Just adding @JR03 I had one 3 year old and parented her VERY differently to how I dealt with her siblings. I was similar to you. It's easy for us with a few kids to say we just ignore it or move on but I know how hard it is when you have only one and they know they have your full attention.
    She has 2 kids.

    I don't pay attention to tantrums. When I had one child I walked away as well. There is no point in trying to negotiate with a child having a tantrum.

  2. #12

    Quote Originally Posted by Little Miss Sunshine View Post
    Please don't say that dd1 is the spawn of satan at the moment but by 4 she'll be an angel again- fingers in ears not listening!
    Each child is different. I thought I got out of the toddler years ok but must say the teenage years frighten me. Not looking forward to that.


    DD1 is way more difficult now at 7 (almost 8) than she was ever at all those ages put together

    DS was a really difficult 2 year old but has matured more each year and is awesome now. He's 5 (6in July) and just started school.

    DD2 is 3 and not too bad except we've hit a bump in the road now since she's changed to a bed.

  3. #13

    Not saying that's the right approach for you, but I don't think I would be doing her any favours in the future (behaviour at kindy, school, etc) if I let her get away with it.

    Sent from my SM-N910G using The Bub Hub mobile app

    She has 2 kids.

    I don't pay attention to tantrums. When I had one child I walked away as well. There is no point in trying to negotiate with a child having a tantrum.
    No I don't think so.

    No I don't think so.
    Oh? I have usernames mixed up

    Still, I never had just a 3 year old as I had all my kids 2 years apart

  7. #16

    3yrs old is far worse than 2 with my boy. Also, the whining!!! Oh my god. Last saturday both my partner and I were just broken by the incessant, unrelenting whining. I always suspected I wasn't a toddler person. Not looking forward to the teenage years for sure.

    Oh? I have usernames mixed up

    Still, I never had just a 3 year old as I had all my kids 2 years apart
    Which is why it's different. My last 3 were all 2 years apart and I didn't notice the ages much at all. But what my first she was 3 and a half when I had her sister and I definitely think I parented her differently.


    I think my opinion on tantrums is different to a lot of you who have responded, it is either her response to a need not being met or her having emotions that she doesn't know how to handle. I never see a tantrum as being naughty or acting out, it's just the only way she knows how to deal with the situation. Which is why I don't ignore her or put her in a room on her own; I want to help her work through it and begin to learn how to react to those emotions. And only having one child, I do have the luxury of focusing all of my attention on her.


    Quote Originally Posted by JR03 View Post
    Firstly thanks for taking the time to respond.

    I think my opinion on tantrums is different to a lot of you who have responded, it is either her response to a need not being met or her having emotions that she doesn't know how to handle. I never see a tantrum as being naughty or acting out, it's just the only way she knows how to deal with the situation. Which is why I don't ignore her or put her in a room on her own; I want to help her work through it and begin to learn how to react to those emotions. And only having one child, I do have the luxury of focusing all of my attention on her.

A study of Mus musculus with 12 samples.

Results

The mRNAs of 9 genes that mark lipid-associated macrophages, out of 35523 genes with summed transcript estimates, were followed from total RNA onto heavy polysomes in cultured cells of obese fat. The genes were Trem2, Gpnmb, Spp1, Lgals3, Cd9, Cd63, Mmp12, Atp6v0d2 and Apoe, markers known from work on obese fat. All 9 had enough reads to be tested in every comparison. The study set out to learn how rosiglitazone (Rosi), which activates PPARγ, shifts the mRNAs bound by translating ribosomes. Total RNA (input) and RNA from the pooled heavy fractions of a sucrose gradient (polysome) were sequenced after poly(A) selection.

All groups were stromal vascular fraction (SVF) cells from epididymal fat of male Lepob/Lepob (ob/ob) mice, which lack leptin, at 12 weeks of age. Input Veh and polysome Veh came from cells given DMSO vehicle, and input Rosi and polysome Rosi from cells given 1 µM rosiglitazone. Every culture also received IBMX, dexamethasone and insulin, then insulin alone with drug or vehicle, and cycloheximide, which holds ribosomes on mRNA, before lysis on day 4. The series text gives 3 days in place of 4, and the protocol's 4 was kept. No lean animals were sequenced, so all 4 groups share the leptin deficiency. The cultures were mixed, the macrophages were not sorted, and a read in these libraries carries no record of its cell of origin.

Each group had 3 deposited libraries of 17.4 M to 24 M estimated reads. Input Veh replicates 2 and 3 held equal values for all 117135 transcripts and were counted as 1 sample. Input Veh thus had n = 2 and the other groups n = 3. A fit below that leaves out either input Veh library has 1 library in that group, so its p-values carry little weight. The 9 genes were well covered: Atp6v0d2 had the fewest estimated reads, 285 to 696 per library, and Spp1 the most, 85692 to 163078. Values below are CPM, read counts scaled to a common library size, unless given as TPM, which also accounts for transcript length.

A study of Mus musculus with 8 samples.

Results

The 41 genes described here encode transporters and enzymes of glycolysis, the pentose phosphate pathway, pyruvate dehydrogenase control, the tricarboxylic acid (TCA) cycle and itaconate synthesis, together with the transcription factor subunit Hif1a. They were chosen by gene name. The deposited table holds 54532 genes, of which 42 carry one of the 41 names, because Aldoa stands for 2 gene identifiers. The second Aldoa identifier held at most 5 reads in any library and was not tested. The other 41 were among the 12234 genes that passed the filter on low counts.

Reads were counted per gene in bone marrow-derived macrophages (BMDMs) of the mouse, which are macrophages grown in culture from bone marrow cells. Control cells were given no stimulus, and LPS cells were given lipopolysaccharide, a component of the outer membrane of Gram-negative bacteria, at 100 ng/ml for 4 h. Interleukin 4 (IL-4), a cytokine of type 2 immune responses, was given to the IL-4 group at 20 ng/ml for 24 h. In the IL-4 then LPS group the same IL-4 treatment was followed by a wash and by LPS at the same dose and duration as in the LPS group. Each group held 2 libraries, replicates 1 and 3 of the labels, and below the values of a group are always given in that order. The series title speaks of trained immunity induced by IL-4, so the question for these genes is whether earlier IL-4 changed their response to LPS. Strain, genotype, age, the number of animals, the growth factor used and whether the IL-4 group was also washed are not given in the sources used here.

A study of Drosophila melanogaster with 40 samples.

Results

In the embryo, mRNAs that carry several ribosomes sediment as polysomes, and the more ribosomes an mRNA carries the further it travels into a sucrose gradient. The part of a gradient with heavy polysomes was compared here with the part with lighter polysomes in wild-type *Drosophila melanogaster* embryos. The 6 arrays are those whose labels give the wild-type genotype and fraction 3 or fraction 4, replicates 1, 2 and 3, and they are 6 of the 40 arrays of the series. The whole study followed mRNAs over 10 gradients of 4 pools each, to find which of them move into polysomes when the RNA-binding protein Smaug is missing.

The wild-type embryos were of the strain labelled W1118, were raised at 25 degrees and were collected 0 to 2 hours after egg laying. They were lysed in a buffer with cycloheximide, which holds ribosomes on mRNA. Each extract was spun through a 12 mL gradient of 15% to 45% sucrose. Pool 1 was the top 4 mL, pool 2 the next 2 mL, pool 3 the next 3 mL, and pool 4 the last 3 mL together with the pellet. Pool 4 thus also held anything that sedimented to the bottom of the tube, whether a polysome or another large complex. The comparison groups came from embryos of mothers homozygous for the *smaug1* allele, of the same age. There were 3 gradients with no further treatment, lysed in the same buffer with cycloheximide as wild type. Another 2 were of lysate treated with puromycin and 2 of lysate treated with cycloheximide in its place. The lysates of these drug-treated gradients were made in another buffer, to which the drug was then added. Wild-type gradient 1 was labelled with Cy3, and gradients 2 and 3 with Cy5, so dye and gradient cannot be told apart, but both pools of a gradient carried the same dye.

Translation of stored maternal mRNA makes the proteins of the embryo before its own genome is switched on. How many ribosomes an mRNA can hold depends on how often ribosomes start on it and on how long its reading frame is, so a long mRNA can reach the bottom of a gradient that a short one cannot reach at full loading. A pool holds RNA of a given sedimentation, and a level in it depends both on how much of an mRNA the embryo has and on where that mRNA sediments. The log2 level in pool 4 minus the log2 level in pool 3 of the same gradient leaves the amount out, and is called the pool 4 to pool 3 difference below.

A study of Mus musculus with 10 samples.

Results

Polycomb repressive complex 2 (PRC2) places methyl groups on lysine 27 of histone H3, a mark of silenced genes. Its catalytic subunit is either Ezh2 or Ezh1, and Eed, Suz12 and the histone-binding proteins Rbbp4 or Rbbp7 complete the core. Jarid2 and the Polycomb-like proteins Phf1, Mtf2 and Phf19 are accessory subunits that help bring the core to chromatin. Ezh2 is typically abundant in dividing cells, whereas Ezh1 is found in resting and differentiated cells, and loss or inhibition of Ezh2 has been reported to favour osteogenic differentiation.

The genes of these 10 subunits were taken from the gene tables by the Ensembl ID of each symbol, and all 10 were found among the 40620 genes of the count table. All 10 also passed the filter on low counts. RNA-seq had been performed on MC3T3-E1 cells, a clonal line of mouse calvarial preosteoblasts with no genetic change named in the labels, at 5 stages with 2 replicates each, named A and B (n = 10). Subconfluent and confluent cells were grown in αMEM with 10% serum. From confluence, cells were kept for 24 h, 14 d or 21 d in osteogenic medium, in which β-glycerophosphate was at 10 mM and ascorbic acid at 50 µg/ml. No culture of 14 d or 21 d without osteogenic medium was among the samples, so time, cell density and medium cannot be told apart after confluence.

This is the attitude I take to tantrums too. My dd is younger than yours but at this stage I'm trying to acknowledge her feelings and then sit with her until I can either figure out what the problem is and address it, or until she's ready to be distracted out of it. I don't know if that works once they're older though. I hope it will!

    That's not to say that I always give her whatever she wants but, I, like you, try to pick my battles.

    Returning to your original post, I think sometimes the battles like not wanting to get dressed are about them wanting power over their own lives. So with dd I try to give her two options to choose from. Eg do you want to wear your blue dress or your red shirt? I don't know if that strategy might help you.
    Last edited by BettyV; 04-03-2016 at 17:38.

    1. "you must be feeling very xyz. Would you like me to stay with you while you calm down?" (if I can) or "would you like a hug?" if I can't stay. If she says no, I leave her to it. If she says yes, I stay, but I don't try to talk or respond to any demands.
    2. When she's calm, one way or another, we talk about what prompted the behaviour, how she felt and/or what could be done differently next time.
    3. At completely different times, we talk about how all feelings are valid, but we we need to feel in control/calm to solve problems effectively.

    As for things that HAVE to be done...trying to pre-empt problems sometimes works. Making it a game sometimes works (or just being silly. You don't want your shoes on your feet? Howabout your nose?). Explaining natural consequences sometimes works. Sometimes there's no real choice but to give a simple option ("In your seat or I will have to put you in. 1, 2, 3") and follow through.

    I don't always do this. It's hard to be calm and consistent. It'swhat I find works best for my threenager though.